What strikes me about the Millennials is the rapid change of adoption they exhibit to match the rapid change in technology. Consider SMS on the mobile phone. A co-worker was telling me the other day that if he calls his kid on the mobile it rings and goes to voicemail. However, if he sends him an SMS text message, even immediately after trying to call, he receives a response in a matter of seconds. This generation had moved away from voice communications over the phone and instead prefer to text using the phone. I've heard stories from several people about seeing mobile phone statements with thousands and even greater then ten-thousand text messages in a single month. And it's not just SMS text, but many times MMS text messages that include a photo or video.
I can liken the shift from voice to SMS/MMS as the same in the office moving from in person organizational meetings to memos that are posted in the office. What's really interesting is while SMS/MMS is still widespread, it's now passe. This generation is using cameras that are built into their laptops and mobile phones in conjunction with applications to see and talk to each other real time. This capability is available on computers, mobile devices, and web-based applications a simple search quickly reveals a list of the top 5 video chat applications. So while the Millennials don't want to simply talk on the phone, they do want to talk with video and they want to talk with video over SMS/MMS texting. In a short time the pendulum has swung from talking on the phone to texting and back to talking with video.
Another shift is in the vehicles that Millennials employ and how they employ them to communicate. Instead of having to engage in a conversation (whether in person, over e-mail, phone, etc.) to ask questions and learn, Millennials are proactively publishing what they're doing and in many instances are using mobile and social applications to do so real time. The information that is being published is as diverse and widespread as the generation themselves. They will publish what song they're listening too, what restaurant they just entered, workout schedules, even stories they've read online- all in an automated fashion. If you care to know what your friend, family member, or colleague is doing, simply subscribe to their feed. In other words, Millennials are now nodes in a typical publish/subscribe model, but are expecting to use any application and device to broker the messages.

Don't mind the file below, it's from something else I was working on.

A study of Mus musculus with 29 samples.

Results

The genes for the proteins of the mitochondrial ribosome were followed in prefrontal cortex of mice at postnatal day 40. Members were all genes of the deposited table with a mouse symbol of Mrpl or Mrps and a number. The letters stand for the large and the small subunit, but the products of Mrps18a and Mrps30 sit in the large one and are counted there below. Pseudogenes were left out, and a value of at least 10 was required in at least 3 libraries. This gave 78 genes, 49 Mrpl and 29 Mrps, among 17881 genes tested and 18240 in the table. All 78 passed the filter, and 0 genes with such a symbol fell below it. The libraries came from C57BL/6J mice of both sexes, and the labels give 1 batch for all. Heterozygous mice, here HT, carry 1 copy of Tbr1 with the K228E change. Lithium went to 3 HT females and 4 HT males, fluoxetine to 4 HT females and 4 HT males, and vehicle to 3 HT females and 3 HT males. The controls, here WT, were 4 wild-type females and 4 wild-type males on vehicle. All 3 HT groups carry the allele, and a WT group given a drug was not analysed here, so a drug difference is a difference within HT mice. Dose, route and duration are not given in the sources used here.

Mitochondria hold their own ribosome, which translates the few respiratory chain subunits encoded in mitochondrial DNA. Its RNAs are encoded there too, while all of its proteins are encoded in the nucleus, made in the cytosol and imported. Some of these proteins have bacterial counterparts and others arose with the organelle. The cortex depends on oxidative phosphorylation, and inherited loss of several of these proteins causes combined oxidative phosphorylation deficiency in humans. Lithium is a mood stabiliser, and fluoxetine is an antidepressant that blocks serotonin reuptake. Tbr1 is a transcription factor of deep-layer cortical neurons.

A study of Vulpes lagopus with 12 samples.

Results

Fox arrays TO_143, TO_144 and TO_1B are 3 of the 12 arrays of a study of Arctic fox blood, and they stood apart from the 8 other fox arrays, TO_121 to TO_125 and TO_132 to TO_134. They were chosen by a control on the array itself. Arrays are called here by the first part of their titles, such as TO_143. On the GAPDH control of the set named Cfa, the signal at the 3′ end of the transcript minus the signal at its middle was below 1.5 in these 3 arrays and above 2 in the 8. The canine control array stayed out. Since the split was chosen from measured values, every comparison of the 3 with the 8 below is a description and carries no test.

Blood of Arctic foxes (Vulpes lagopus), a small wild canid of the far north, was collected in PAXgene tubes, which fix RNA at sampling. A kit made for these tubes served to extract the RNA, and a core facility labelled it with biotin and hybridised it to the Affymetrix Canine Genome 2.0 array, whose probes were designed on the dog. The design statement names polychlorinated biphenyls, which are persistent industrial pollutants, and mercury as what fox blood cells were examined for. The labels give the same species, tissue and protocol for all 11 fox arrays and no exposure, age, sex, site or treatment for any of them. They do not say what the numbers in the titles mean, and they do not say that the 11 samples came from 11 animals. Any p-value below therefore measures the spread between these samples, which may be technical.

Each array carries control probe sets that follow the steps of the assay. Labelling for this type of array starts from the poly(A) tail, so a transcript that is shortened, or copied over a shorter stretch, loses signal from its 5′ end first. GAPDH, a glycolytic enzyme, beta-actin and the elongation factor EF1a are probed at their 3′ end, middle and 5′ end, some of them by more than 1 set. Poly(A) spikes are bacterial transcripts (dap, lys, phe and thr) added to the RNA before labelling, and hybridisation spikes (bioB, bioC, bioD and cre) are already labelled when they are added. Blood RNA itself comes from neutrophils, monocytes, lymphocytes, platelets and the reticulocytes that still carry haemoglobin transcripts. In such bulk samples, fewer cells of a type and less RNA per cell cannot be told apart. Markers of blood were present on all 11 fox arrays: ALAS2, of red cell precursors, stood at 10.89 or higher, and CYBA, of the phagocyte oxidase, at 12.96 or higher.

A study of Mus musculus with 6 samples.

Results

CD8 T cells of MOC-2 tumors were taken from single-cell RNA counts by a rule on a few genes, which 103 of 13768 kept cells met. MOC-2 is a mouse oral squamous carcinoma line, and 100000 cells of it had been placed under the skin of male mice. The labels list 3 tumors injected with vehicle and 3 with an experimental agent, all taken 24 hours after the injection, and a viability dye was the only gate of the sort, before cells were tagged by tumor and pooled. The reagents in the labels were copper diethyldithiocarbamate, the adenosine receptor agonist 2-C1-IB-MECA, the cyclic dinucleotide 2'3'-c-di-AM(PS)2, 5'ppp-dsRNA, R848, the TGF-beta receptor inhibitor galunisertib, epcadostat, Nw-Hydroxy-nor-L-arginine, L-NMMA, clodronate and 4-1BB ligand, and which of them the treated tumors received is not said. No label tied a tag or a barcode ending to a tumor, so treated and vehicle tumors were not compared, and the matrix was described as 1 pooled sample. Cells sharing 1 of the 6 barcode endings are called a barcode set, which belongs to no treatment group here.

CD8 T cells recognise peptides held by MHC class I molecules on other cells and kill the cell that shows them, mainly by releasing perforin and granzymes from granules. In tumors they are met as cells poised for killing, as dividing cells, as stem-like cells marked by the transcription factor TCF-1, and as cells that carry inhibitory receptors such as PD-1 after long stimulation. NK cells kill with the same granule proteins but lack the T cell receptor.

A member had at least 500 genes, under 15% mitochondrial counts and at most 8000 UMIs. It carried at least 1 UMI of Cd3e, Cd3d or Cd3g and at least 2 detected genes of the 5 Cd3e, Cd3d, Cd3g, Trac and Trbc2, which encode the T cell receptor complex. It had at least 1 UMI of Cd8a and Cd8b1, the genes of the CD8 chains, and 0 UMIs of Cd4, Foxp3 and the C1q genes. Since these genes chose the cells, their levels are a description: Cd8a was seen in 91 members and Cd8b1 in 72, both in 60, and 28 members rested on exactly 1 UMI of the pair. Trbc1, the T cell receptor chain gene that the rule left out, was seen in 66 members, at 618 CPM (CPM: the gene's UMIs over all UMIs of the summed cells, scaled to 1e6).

This presents interesting challenges for those tasked with optimizing business processes through collaboration. They need to enable the Millennials to use any application from any location as a message broker, but it needs to be done securely and with a culture of consideration that prevents Loose Lips Might Sink Ships- The Conundrum of Social Communication. There's a new workforce coming to market that's technically advanced in the tools and media formats they use, they're used to multi-tasking and are proactive in sharing information. It's up to you to harness this new generation and maximize the value they can bring to the business and to do so without alienating the veteran workforce. How are you embracing the extreme swings of the technology pendulum and those riding it?